An Evening with J. D. Salinger

From the Paris Review:

Joe and I fetched our coats and Jill’s while she and Salinger stood silently. As we headed for the door Salinger came alive and spoke up. “No, no,” he said. “Please don’t go. Please stay and have another drink. Don’t go now.” He was shaking his head.

“Really, we must go,” I said. “I’m sorry.” And I was, I certainly was.

I did not understand exactly why Jill had broken down, but it was impossible to think that we could stay.

We stood awkwardly on the sidewalk waiting for a cab. One came quickly and Salinger asked again that we change our minds. “Come back in, please, have another drink.”

The three of us got into the cab. Joe gave the driver my address and when the cab began to move Salinger began walking, then running, alongside, still asking us to change our minds. He hit the cab—with his fist, I supposed—and the driver braked.

Joe said, “Drive on!” Salinger was looking in through the window beside me. “Stop. Please come back!” He was shouting now in the quiet street.

The cab moved and got through the intersection. Joe said angrily, “He’s absolutely crazy.”

Facebook Photo Cost Teacher Her Job

It was a picture of her holding a glass of wine:

The pictures were exactly what you’d expect from a European summer vacation: Cafes in Italy and Spain, the Guinness brewery in Ireland. So 24-year-old Ashley Payne, a public high school English teacher in Georgia, was not prepared for what happened when her principal asked to see her in August 2009.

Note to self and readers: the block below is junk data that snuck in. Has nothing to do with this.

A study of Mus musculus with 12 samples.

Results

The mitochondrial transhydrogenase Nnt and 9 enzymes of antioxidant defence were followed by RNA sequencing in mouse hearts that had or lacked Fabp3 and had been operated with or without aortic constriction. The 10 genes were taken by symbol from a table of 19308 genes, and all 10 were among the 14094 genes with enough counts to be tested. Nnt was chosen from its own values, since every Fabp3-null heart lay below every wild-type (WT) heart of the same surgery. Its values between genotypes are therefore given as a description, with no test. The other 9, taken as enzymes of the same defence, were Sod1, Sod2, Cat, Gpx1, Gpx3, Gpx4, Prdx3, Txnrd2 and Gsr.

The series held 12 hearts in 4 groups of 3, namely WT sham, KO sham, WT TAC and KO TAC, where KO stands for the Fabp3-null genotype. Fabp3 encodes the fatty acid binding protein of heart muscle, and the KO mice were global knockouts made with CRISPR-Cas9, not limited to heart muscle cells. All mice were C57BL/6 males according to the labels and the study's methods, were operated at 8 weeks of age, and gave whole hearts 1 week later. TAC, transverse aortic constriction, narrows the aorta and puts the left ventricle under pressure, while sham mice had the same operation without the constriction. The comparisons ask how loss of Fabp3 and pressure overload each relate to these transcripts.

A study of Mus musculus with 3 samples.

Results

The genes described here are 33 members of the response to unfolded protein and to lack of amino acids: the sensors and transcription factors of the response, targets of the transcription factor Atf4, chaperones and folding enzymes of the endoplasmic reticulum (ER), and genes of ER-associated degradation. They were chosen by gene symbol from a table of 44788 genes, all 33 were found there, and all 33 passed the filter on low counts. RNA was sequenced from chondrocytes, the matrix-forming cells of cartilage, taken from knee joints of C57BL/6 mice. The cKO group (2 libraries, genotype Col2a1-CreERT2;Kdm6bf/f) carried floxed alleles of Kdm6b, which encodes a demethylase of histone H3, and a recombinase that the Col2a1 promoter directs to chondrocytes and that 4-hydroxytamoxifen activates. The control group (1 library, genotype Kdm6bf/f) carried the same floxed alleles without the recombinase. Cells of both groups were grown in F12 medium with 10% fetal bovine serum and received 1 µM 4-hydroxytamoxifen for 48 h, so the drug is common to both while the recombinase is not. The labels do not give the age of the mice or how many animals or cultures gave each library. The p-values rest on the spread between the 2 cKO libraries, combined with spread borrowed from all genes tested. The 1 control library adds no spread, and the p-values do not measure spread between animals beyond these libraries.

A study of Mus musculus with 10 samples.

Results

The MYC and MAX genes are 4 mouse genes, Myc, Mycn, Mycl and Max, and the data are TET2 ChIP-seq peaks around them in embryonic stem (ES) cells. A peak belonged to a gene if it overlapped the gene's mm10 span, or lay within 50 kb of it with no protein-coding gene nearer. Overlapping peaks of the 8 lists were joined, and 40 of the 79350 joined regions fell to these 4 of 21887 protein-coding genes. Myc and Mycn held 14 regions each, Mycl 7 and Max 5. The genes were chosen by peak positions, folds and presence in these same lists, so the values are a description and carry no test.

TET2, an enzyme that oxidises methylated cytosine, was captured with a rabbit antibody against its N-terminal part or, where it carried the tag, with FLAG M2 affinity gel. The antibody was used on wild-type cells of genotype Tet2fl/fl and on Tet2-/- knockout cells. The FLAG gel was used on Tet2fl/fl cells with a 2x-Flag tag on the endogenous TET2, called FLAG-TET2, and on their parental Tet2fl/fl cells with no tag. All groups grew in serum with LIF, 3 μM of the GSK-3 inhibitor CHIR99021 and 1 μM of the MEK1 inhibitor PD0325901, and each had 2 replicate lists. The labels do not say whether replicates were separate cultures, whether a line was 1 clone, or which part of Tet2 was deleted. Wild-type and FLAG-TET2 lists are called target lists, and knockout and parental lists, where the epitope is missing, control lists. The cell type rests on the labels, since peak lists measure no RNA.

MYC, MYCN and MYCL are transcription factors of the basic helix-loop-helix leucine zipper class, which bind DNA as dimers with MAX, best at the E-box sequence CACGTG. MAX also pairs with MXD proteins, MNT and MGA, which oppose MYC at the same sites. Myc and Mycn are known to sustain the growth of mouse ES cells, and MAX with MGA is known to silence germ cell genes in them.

“He just asked me, ‘Do you have a Facebook page?'” Payne said. “And you know, I’m confused as to why I am being asked this, but I said, ‘Yes.’ And he said, ‘Do you have any pictures of yourself up there with alcohol?'”

In fact, the picture that concerned the principal – showing Payne holding a glass of wine and a mug of beer – was on her Facebook page. There was also a reference to a local trivia contest with a profanity in its title.

Payne was told a parent of one of her students called to complain. And then, Payne says, she was given a choice: resign or be suspended.

“He told me that I needed to make a decision before I left, or he was going to go ahead and suspend me,” she said.

She resigned. Attorney Richard Storrs is fighting to get Payne’s job back.